Using a Macbook Air for Solidworks Assemblies
Early comments ask how large assemblies might work with the Macbook i7 Processor. I too was curious, so when I saw Apple was looking to add the new Haswell chip to their Air release…I had to try it out. I haven’t created really complex parts for this demonstration, just a simple sphere and cone.
SW2013 is loaded up. Only Add-Ins that might slow the program startup are Photoview 360 and Solidworks Forum 2013. I do use the Photoview 360 for capturing screenshots of rendered assemblies, which are then dropped into presentations. I haven’t done any testing yet to see what the difference in load time might be if I didn’t have these add-ins loading on start up.
Loading a Simple Part
I’ve created a sphere with a 100mm radius. Dimensions are irrelevant for this discussion, but I like to work with assemblies that seem reasonable in scale. For you non-metric users, that’s about a 4 inch radius.
If you are most familiar with high powered Solidworks stations, you’ll note a bit of a lag in loading the part. You might want to compare this loading with that shown in the video of my last labyrinth post with the complex sketch.
Patterning a Sphere
To demonstrate multiple parts, rather than create a whole bunch of different pieces and spend hours assembling those, a really quick and equally effective method of showing the effect of additional components is through patterning.
I start with a 10×10 arrangement to show simply the zoom and rotate functions you would typically doing with a mouse. I use the trackpad right now when playing on the weekend, but during the week I do use a wireless mouse with very similar results on large assemblies. The 100 parts respond well when rotating and zooming, but you do notice a difference in fluidity during use.
I expand that matrix to 225 parts by expanding the pattern to a 15×15 arrangement. Effectively doubling the component count does slow things down a little more, but Solidworks 2013 is still very usable on the Macbook Air.
Adding Another Part, The Cone!
To further part count, plus show time to load in another piece with already 225 parts to manage, I load up a cone and position it 300mm above the top plane…where all the spheres are centered. Patterning the cone with the same 15×15 format to further double the part count to 450 shows a little more choppiness to the display when zooming or rotating.
I still find that at 450 parts, the assembly is manageable, however all the relations are predefined by the pattern. I am sure that if these were individual parts of different shapes and sizes, all with individual mates, at 450 pieces I would see a further slowdown. If there was less of a privacy issue around the complex assemblies I have put together at work, I would show some of those for you.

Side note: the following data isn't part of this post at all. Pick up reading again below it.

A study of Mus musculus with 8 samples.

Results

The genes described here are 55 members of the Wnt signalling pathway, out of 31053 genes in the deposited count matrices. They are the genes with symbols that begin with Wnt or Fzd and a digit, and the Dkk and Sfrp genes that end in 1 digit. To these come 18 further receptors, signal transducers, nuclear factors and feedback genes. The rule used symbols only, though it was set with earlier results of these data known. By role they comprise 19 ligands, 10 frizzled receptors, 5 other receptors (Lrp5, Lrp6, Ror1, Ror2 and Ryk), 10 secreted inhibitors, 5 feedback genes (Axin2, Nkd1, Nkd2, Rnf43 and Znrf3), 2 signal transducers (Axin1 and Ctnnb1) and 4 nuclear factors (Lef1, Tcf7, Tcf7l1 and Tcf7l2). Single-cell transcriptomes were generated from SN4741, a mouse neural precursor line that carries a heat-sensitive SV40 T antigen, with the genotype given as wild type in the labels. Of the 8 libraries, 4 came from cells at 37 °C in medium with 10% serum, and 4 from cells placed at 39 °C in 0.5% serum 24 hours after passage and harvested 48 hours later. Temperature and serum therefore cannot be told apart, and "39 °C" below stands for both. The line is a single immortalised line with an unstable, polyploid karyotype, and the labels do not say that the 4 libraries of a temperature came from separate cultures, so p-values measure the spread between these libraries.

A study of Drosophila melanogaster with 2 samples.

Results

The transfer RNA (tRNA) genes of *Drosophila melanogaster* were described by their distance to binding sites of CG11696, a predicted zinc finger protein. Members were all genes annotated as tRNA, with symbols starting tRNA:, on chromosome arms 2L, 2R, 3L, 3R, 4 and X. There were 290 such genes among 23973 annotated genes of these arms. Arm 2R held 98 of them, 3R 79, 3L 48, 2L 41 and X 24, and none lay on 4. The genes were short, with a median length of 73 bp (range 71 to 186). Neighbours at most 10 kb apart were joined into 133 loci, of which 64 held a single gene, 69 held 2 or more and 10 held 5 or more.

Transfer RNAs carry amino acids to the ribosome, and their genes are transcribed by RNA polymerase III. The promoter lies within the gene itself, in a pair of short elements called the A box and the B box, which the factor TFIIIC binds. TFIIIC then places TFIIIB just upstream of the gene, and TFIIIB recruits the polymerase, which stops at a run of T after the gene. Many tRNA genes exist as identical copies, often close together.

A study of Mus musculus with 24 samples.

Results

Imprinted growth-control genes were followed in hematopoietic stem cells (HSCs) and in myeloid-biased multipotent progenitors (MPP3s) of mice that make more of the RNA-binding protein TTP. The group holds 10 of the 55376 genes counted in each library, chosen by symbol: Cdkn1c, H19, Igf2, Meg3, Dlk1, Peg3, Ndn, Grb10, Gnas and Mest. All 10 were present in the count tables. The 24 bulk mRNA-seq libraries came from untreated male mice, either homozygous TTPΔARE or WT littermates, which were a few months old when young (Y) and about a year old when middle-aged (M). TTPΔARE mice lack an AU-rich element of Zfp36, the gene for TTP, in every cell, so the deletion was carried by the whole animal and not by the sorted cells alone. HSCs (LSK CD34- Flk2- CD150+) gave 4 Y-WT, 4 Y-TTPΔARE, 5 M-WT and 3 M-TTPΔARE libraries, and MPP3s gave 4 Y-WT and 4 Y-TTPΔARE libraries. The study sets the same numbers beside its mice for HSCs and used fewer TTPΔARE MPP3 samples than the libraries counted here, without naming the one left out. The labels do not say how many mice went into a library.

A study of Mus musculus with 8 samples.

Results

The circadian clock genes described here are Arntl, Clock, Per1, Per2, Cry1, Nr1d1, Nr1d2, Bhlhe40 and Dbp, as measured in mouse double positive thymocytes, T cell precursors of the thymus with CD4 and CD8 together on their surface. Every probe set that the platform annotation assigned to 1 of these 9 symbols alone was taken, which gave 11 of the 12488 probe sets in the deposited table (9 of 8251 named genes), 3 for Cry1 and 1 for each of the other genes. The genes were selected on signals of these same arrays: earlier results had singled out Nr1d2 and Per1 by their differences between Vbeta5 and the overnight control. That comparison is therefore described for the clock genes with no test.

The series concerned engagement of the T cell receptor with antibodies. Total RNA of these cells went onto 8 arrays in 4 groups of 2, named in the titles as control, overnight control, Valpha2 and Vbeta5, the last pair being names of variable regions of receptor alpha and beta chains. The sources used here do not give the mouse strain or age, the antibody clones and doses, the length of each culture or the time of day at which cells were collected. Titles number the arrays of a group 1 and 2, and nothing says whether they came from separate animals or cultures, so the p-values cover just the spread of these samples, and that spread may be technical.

1800 Parts in an assembly
I finish off with expanding the sphere and cone layers to 30×30 each. The result is two layers of 900 parts each, and as you would expect, a bit more choppiness when rotating and lag when zooming in and out. I could attempt to further explain, but it’s easiest to just check out the video around the 8 minute mark.
In summary, I do mention in the video that I disabled the Windows Aero features to optimize Windows 7 for performance and not display. Solidworks 2013 is definitely snappier with the stripped down display options, and I am perfectly fine with that. Ultimately I am happy with the Macbook Air as a hardware option. In fact, anything I can do to increase performance by stripping away the usual crapware, anti-virus, and backup software is my preference.
Have you installed SW2013 on your Macbook yet? I would like to hear what your experience might be like.
Any updates to for running SW on this MBA? I’ve been considering the same system. I’m wondering if the MB Pro will be worth the extra few hundred dollars if it’s updated this fall.
Sorry about the lack of updates. I had a couple weeks off and we went roadtripping, with very little internet access.
The machine has held up well. I still have to do a quick video of Solidworks running with the settings maxed out.
Considering the next Apple event is Sept 10, i would recommend waiting until the to see if there is any kind of announcement regarding the MacBook Pro’s. I would expect the Haswell chips to be in these machines too…but I really want to know how the battery life might increase.
Pingback: Solidworks Performance on the 2013 MacBook Air | Solidworks on a Mac!